Historic Fliers Land at Pioneer Airport
Ted Davis takes off in his 1941 New Standard.
Bruce McElhoe's 1929 Travel Air 4D is surrounded by other airplanes on the ramp at Pioneer Airport.
American Barnstorming Tour members pose for a group photo by their airplanes at high noon Wednesday at EAA's Pioneer Airport.
August 22, 2012 - EAA's Pioneer Airport in Oshkosh never looked better late Wednesday morning as 12 golden age airplanes from the American Barnstormers Tour made a special pilgrimage stop on the turf runway in Oshkosh. Five Travel Airs, two Fairchilds, two Wacos, a Stinson, a New Standard, and a Monocoupe flew to Oshkosh on the tour's day off - coming from last weekend's visit to Manitowoc, Wisconsin, and headed for Brodhead, Wisconsin, before resuming the tour this weekend in DeKalb, Illinois.
Shortly after 11 a.m., a few dozen onlookers watched - and listened - as the mostly round-engined classics flew a large circuit around the field, then made final turns from the west to Runway 31. A moderate crosswind did not hinder the successive landings, started by Hank Galpin and Dennis Guentzel in their 1928 Travel Air 6000, NC9038. Following in order were a 1929 Waco ATO, NC8565; a 1929 Travel Air 4D, NC689K, flown by Bruce McElhoe; a 1930 Monocoupe 90A, N15427, Mark Lightsey; a 1930 Waco ATO, N663N, Josh Brownell; a 1929 Travel Air 4000, NC397M, Clay Adams; a 1941 New Standard (the youngest of the bunch), NC9119, Ted Davis; a 1929 Travel Air 4000, NC379M, David Mars; a 1929 Travel Air 4000, N455N, Gary Lust; a 1931 Stinson Jr-S, NC10886, Jim Hammond; a 1935 Fairchild F-22, NC14768, Steve Roth; and a 1932 Fairchild 22, NC3166, Chad Willie.
Clay Adams, of Rosemont, Minnesota, and tour founder, was elated to be at Pioneer Airport. "We had a real nice ride across the lake (Winnebago)," he said. Adams explained that tour member and publicity staffer Sara Wilson proposed the idea for the somewhat impromptu visit when discussing possible destinations between tour stop locations. "Why not Pioneer Airport? What a great idea!" Adams said.
Not only was Pioneer the perfect setting for airplanes like this, but it also provided a wonderful backdrop for the tour photo, including all the planes and tour members. After all the airplanes were safely on the ground and maneuvered into place, EAA snapped several photos from aboard a lift truck to get the perfect angle.
Adams founded the tour in 2006 and it has since taken place every two years. The tour usually involves 14-19 aircraft including substitute planes and makes anywhere from five to nine stops. Paid flights are available at the official stops (not at Pioneer Wednesday), which are often held as a part of other events - such as the case this weekend at the popular DeKalb Corn Fest in Illinois. With only a handful of events left, more than 4,000 passengers have already received flights.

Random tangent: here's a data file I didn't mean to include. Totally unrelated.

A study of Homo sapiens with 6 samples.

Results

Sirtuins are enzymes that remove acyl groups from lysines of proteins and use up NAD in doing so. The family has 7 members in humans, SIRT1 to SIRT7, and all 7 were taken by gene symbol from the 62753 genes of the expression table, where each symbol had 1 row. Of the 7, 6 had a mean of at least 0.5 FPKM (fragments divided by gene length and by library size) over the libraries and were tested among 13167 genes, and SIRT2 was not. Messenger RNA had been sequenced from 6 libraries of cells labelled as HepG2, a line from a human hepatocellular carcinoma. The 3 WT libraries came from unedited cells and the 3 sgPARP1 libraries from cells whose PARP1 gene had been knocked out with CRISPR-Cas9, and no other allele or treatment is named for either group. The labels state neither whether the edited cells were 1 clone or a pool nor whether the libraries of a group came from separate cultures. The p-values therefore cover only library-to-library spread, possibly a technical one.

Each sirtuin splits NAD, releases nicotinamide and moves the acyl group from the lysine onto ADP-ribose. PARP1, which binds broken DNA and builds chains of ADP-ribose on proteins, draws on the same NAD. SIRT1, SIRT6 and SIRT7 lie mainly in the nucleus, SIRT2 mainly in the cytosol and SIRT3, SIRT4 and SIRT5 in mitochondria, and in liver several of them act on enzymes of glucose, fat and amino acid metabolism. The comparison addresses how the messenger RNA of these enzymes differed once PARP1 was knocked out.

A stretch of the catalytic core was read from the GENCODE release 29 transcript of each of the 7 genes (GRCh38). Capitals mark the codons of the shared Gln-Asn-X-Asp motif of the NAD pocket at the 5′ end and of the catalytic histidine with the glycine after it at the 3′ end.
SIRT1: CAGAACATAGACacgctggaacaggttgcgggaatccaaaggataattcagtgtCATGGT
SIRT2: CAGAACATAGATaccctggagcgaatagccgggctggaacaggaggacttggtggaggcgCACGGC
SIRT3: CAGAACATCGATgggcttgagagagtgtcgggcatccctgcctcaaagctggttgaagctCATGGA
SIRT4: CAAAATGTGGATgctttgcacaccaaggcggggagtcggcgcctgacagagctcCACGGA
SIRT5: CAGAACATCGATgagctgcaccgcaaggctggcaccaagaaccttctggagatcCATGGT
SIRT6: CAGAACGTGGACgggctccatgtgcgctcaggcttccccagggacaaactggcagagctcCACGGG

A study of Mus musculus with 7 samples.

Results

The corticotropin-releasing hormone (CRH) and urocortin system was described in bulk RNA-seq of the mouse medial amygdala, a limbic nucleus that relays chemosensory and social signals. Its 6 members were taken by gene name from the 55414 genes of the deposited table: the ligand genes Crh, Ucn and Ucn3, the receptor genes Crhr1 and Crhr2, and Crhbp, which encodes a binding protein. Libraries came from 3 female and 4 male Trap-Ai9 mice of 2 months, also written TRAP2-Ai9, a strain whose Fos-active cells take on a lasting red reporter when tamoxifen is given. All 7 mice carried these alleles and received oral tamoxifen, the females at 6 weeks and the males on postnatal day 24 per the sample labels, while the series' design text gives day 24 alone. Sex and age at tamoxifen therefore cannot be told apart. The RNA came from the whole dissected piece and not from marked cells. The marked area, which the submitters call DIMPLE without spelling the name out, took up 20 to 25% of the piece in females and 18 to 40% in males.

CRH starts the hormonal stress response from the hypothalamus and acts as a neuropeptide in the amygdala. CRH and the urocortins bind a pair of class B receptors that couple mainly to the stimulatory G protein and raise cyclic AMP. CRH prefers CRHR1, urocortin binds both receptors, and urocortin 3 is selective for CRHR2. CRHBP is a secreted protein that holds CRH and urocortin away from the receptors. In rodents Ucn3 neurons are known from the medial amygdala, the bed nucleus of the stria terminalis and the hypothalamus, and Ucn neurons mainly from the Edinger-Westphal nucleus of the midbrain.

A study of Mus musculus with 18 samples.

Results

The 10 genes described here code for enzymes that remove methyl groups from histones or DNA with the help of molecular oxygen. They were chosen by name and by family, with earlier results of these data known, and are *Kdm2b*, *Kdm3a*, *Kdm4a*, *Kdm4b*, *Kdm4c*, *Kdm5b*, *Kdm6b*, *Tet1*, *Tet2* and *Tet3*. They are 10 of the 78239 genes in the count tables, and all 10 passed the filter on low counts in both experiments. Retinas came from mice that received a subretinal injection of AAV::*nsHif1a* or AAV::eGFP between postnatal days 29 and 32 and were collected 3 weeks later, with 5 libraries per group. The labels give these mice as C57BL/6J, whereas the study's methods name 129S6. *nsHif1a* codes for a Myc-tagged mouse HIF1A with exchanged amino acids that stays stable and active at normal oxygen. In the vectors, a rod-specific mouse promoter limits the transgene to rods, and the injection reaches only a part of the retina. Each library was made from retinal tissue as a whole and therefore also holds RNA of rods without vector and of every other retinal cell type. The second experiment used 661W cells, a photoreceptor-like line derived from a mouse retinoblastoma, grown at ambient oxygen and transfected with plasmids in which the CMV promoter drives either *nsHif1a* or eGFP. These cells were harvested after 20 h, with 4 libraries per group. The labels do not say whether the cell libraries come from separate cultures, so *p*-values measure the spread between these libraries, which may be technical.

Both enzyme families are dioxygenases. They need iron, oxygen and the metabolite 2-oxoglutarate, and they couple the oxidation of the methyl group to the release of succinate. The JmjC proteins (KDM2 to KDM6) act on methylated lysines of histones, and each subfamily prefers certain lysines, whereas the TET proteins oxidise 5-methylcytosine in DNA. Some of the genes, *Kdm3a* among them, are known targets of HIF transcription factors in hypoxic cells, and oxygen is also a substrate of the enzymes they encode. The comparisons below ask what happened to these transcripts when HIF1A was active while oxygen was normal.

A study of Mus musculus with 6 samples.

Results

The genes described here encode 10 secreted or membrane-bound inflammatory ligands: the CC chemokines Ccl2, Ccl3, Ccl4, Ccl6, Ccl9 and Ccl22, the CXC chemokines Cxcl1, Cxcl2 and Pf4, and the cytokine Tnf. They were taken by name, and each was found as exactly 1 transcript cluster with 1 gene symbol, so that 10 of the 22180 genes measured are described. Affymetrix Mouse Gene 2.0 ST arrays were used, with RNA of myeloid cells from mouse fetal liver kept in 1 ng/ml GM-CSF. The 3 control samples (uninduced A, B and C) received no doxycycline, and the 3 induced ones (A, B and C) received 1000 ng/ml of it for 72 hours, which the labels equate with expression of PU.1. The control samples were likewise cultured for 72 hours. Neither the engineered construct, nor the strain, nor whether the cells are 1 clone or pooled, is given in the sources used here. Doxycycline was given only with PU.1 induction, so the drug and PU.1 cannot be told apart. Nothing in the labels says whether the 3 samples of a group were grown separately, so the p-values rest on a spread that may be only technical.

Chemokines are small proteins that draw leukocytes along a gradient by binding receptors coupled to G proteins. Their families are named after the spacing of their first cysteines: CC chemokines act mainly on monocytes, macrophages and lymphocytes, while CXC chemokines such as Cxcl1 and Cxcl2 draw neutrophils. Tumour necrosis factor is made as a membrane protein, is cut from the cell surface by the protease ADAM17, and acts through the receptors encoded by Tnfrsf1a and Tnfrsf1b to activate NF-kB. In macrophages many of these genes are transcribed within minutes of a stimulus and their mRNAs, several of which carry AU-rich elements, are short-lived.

Participating planes come from all over the nation: California, Mississippi, Maryland, Minnesota, Ohio, Montana, Florida, and Wisconsin. Many of the pilots are also A&Ps, some with inspection authority, so any mechanical issues are able to be solved.
The tour has also added Clinton, Iowa, to the tour before concluding at Blakesburg, Iowa, August 30-September 2 at Antique Airfield for the AAA Fly-In.
"We've have a great group of people who have a great love of aircraft like this, and are great sticks," said Adams, a 28,000-hour airline pilot who has flown in more than 100 types.
When he was a child, Adams would go to the airport and be able to see airplanes and meet pilots without a chain-link barrier. Kids today have no chance to do that. The tour seeks to try and rejuvenate interest in aircraft, he said.
After displaying their airplanes on the Pioneer ramp for several hours, Barnstormer pilots received the departure briefing, then climbed back into the airplanes and took off as fast as they had landed - this time heading southwest to Brodhead for some downtime, oil changes, and preparations for DeKalb this weekend.
Adams thanked tour sponsors Phillips 66, Concord Aircraft Batteries, and Kimmel Aviation Insurance Corp. for making the American Barnstormers Tour possible.